Experian sued over Court Ventures-related breach
He beat me to it. 🙂 While I took a break to argue on Twitter about the hacked Jeep story in Wired, Brian Krebs was reporting on a class action lawsuit filed against Experian over the Court Ventures/U.S. InfoSearch data breach that was covered extensively on both his site and on this site.
The lawsuit was filed in federal court for the Central District of California. I’ve uploaded a copy of the complaint here (pdf).
To summarize some of the key points in the complaint:
1. The plaintiffs, led by Maudie Patton, Jacqueline Goodridge, and Virginia Kaldmo, are suing Experian for violations of the Fair Credit Reporting Act, the California Business & Professions Code §§ 17200, et seq., and the Declaratory Judgment Act.
Neither Court Ventures nor U.S. InfoSearch is named as a defendant in the lawsuit.
2. The plaintiffs are seeking to recover FCRA statutory damages and injunctive relief requiring Experian to
(i) notify each U.S. citizen whose PII (a) was accessed by Ngo, (b) sold by Defendant to Ngo and/or his fraudster customers, or (c) was otherwise exposed in the Security Lapse,
(ii) provide quality credit monitoring and substantial identity theft coverage to each such person,
(iii) establish a fund (in an amount to be determined) to which such persons may apply for reimbursement of the time and out-of-pocket expenses they incurred to remediate identity theft and identity fraud (i.e., data breach insurance), from July 1, 2010 forward to the date the above-referenced credit monitoring terminates,
(iv) disgorge its gross revenue from transactions with Ngo and his fraudster customers involving Plaintiffs’ and Class Members’ PII and the earnings on such gross revenue, and
(v) discontinue its above-described wrongful actions, inaction, omissions, want of ordinary care, nondisclosures, and the causes of the Security Lapse.
The notification issue is of particular interest to me, as this blog had covered that issue and obtained statements from U.S. InfoSearch and Experian as to whose responsibility it was to notify those affected. Based on the complaint, it would appear that no one has yet been notified, which is pretty outrageous.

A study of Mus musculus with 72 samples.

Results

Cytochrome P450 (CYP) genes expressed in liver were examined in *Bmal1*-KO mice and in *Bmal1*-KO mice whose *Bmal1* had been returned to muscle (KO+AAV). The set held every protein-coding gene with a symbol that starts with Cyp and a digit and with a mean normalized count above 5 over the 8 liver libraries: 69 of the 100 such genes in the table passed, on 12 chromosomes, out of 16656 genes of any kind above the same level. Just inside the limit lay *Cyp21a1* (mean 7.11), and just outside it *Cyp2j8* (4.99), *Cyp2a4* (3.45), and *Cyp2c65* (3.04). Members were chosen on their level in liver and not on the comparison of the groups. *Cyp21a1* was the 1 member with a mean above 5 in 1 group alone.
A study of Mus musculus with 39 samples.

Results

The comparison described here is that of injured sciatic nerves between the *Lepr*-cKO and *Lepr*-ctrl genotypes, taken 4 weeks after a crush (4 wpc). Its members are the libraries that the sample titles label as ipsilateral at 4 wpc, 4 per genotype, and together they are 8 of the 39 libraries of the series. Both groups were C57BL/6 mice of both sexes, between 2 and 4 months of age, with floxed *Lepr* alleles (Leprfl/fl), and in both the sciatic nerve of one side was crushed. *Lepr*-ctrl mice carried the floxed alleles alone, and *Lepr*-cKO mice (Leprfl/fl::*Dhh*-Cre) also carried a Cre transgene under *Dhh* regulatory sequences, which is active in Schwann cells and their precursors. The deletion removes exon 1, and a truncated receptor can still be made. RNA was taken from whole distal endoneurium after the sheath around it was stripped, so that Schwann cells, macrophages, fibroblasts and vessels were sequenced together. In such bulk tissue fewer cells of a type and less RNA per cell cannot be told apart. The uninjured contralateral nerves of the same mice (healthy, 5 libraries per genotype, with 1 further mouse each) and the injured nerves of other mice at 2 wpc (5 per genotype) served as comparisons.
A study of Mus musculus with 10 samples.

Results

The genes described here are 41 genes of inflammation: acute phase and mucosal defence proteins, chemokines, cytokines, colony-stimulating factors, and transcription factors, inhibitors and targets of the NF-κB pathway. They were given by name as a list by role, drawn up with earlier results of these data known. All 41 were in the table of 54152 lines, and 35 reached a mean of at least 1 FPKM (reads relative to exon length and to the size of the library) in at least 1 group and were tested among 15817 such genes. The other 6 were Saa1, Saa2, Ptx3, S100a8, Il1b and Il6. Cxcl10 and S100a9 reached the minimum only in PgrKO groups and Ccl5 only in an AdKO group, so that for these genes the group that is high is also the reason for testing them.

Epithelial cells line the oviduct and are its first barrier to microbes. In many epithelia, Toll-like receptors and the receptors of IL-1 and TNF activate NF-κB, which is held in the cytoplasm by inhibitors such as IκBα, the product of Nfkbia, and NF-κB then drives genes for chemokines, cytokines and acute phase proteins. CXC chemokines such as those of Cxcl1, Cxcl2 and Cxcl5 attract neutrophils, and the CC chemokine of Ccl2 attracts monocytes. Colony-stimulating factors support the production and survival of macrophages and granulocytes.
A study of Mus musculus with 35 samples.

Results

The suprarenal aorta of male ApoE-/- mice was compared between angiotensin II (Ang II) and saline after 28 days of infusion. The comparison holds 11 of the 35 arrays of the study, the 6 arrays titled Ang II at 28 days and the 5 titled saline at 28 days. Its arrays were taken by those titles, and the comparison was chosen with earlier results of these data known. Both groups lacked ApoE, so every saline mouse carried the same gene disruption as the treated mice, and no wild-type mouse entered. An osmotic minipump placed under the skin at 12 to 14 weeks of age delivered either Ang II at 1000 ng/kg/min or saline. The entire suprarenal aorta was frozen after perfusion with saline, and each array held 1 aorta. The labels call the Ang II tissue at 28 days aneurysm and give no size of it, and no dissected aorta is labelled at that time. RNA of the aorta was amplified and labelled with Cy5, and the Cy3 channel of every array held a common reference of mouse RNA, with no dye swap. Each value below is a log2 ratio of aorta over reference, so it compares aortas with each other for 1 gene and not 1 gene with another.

By the way, standing should not be an issue in this case as all named plaintiffs became victims of tax refund fraud/identity theft.
Of small note, Experian, through their counsel, was originally very insistent that the breach did not affect 200 million people (even though the criminals would presumably have had access to the information on 200 million people). The complaint handles the numbers issue this way:
It has so far been established that the Superget.info and findget.me websites had 1,300 customers who paid Ngo nearly $2 million over the relevant period to access databases containing the PII of 200 million U.S. citizens. Over an 18-month period, Superget.info customers conducted approximately 3.1 million queries, 1.0 million of which were conducted after Experian acquired CVI. Since each query could generate an unlimited number of hits, the actual number of individual consumer PII records exposed, accessed, obtained, and utilized by fraudsters to commit further identity theft and identity fraud could be in the tens of millions.
And while all this is going on, the suit and countersuit between Experian and Court Ventures continues.
Would this be a good time to point out that I filed a complaint against Experian with the FTC in April 2012? By then, Experian had already acquired Court Ventures and would now be responsible going forward, but FTC continues to disappoint by their failure to take public action over Experian’s security failures.